By Katie Hunt, CNN

(CNN) — Rocks, cliffs, muddy sediment. These natural features may not be that exciting to look at for some of us, but for geologists they bristle with meaning.

The story they tell is our planet’s history, chronicling how continents, mountain ranges and oceans formed and glaciers spread and receded. Fossils embedded in rock reveal intriguing details about animals, plants and other life-forms that once called Earth home.

If humans went extinct, what trace would we leave in the geological record? An announcement this week suggests that humanity has already made an indelible impact and one that warrants a new chapter in Earth’s history.


Scientists say they’ve identified a site that marks the birthplace of the Anthropocene — a new geological epoch that captures how profoundly humans have altered the world.

The Anthropocene Working Group determined in 2016 that the epoch began around 1950 — the start of the era of nuclear testing.

The international research group says that Crawford Lake in Ontario best charts humanity’s impact on Earth. Sediment cored from the lake bed showed geochemical traces of nuclear bomb tests, specifically radioactive plutonium.

However, not everyone agrees the Anthropocene is a geological reality — or that researchers have enough evidence to formally declare it a new epoch.

Solar update

Over the course of an 11-year solar cycle, the sun transitions from a calm period to one that is very intense and active. Cool, dark sunspots on the sun’s surface increase in number, causing solar flares and mass ejections of plasma.

The peak of the current solar cycle was forecast to take place in July 2025. However, our star is growing increasingly active. Scientists now think the solar maximum, or the peak of solar activity, is more likely to occur in mid-to-late 2024.

What does that mean for us on Earth? On the upside, it means that the auroras that dance around Earth’s poles will be visible in more places.

However, more intense solar storms can affect electric power grids, GPS and aviation, and satellites in low-Earth orbit. These events also cause radio blackouts and can even pose risks for crewed space missions.

A long time ago

Ancient Egyptians used highly formalized workflows to execute their paintings. But these exacting artists didn’t always get everything right the first time.

A cutting-edge technique is uncovering hidden details about paintings in two tombs that date back more than 3,000 years. Egyptologist Philippe Martinez of Sorbonne University said one of the tombs was “a little bit like the Mona Lisa of Egypt.”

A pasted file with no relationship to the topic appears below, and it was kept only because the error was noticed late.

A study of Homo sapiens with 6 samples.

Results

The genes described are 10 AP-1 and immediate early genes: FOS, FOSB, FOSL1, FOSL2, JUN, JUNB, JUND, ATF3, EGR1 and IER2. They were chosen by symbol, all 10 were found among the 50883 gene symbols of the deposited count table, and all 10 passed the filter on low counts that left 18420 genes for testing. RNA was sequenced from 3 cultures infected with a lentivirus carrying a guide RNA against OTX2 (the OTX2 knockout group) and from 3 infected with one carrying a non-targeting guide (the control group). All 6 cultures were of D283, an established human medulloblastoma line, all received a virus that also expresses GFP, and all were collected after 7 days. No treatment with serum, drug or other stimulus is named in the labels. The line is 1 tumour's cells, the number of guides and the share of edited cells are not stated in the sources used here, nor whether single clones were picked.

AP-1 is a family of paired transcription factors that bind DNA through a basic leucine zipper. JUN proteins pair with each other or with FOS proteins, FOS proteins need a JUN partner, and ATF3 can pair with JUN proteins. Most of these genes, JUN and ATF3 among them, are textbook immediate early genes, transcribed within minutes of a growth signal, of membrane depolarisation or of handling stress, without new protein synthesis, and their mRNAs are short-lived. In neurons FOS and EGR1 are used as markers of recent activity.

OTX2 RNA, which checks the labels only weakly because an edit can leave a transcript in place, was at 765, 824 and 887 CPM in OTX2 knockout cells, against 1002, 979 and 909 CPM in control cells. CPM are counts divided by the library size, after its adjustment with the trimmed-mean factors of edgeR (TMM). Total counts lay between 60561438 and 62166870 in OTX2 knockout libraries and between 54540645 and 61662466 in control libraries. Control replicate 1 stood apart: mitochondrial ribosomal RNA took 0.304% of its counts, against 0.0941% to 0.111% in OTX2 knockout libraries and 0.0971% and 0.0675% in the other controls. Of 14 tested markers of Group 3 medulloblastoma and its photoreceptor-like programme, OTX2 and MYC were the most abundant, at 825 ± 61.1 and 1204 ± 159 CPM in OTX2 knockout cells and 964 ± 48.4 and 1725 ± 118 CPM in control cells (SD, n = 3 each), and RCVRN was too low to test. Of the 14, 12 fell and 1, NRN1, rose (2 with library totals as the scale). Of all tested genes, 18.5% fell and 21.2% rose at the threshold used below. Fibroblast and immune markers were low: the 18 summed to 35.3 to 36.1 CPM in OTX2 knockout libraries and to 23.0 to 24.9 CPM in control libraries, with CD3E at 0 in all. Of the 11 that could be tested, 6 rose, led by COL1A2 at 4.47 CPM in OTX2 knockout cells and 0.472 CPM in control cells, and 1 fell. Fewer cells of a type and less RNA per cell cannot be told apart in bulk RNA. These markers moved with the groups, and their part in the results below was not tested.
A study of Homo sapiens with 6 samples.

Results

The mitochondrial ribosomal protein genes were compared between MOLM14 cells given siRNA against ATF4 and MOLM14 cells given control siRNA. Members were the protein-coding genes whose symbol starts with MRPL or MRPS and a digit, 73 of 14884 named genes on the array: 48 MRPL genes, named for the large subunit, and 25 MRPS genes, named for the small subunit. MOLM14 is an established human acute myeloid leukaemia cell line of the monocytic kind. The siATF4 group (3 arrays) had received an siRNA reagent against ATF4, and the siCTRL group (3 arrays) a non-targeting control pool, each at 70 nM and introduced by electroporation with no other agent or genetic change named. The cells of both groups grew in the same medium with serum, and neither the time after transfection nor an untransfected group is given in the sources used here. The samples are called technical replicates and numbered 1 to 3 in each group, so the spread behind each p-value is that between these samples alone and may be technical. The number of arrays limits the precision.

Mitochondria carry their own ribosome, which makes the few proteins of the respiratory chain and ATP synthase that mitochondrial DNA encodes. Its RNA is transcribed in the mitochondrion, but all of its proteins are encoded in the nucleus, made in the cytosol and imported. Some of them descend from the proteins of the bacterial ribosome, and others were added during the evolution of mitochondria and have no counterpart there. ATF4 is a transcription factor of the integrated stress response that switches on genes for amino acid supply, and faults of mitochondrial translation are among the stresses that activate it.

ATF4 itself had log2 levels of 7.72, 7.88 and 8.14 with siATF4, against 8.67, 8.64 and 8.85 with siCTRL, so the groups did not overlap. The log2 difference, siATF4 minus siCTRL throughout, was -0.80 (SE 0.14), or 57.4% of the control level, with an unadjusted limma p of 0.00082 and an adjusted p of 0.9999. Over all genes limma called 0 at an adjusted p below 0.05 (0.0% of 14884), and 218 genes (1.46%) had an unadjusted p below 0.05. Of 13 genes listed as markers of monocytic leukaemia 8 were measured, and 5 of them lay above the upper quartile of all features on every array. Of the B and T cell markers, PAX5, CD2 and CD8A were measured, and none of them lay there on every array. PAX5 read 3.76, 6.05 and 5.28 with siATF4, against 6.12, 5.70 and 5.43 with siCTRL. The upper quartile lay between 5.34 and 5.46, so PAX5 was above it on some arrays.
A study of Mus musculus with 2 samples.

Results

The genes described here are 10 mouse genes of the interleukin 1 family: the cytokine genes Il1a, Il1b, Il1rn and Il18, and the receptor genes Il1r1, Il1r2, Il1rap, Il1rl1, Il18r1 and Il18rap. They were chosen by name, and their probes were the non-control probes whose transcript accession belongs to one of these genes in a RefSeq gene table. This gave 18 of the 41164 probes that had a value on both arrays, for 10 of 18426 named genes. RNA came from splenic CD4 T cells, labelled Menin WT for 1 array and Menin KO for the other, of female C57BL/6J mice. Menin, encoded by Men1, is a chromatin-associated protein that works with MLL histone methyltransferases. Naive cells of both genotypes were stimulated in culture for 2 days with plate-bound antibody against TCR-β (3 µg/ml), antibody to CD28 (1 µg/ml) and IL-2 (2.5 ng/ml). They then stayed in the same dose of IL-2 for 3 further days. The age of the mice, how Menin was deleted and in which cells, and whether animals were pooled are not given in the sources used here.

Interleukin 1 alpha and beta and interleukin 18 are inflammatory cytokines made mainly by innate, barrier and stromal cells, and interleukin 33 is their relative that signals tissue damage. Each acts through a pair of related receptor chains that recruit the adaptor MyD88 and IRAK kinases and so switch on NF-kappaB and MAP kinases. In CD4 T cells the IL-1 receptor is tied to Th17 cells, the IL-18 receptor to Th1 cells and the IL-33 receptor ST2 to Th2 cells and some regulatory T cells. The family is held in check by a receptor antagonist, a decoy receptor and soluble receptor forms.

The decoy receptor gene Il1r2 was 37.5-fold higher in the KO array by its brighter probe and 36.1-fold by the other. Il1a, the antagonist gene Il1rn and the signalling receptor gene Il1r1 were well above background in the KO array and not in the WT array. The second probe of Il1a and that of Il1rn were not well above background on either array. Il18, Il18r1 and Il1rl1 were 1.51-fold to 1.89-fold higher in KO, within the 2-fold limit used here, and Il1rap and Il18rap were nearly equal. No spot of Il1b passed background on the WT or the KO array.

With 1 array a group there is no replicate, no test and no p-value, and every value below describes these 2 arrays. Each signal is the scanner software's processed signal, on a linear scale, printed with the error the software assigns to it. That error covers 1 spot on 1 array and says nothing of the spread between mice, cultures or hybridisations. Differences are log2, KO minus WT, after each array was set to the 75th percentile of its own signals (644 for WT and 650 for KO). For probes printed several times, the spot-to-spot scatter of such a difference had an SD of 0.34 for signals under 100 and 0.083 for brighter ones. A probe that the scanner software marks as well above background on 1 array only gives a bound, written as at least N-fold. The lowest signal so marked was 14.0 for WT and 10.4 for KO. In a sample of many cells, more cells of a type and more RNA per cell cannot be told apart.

The discoveries were made by using portable chemical imaging technology, which allows researchers to analyze the artwork while inside the tomb rather than waiting to look at it inside a museum or lab.

Other worlds

The NASA Mariner 4 mission captured the first photos of another planet taken from space in 1965. The spacecraft flew 6,118 miles (9,846 kilometers) above the surface of Mars, but the first image made public wasn’t quite what the space agency intended.

Back then, it took 10 hours to relay a single image to Earth — incredibly slow by today’s standards. As anxiety built during the wait, some members of the Mariner 4 team took matters into their own hands and assembled a “color by numbers” image based on representations of data to make sure the equipment was working properly.

Despite the best efforts of NASA Jet Propulsion Laboratory’s communications team, the press glimpsed the hand-colored image, and the artwork became the first close-up shot of Mars from space to be seen on TV.

The actual photo was released the next day. In total, Mariner 4 took 22 ground-breaking images, and they revealed craters on the Martian surface, which surprised scientists.

Dig this

Humans not only lived in South America at the same time as giant sloths — they also handcrafted pendants from bony material in the ice age creature’s skin, according to a new study.

The maker or makers of the recently discovered three artifacts perforated a hole in the sloth bone and polished them, according to an analysis of microscopic marks. The species of giant sloth the bones belonged to would have weighed more than 1,300 pounds (about 600 kilograms), bigger than most current-day brown bears.

The discovery is exciting on two fronts: It puts humans in the Americas several thousand years earlier than many archaeologists thought, and the three pendants are the oldest known personal adornments unearthed on the landmass.


Check out these three captivating stories.

— The Webb space telescope has been observing the universe for one year, and a stunning new image marks the milestone.

— The climate crisis is altering the color of the world’s oceans, although the change isn’t yet visible to the naked eye.

— A scorching hot planet that zips around its host star every 19 hours is the shiniest exoplanet ever discovered.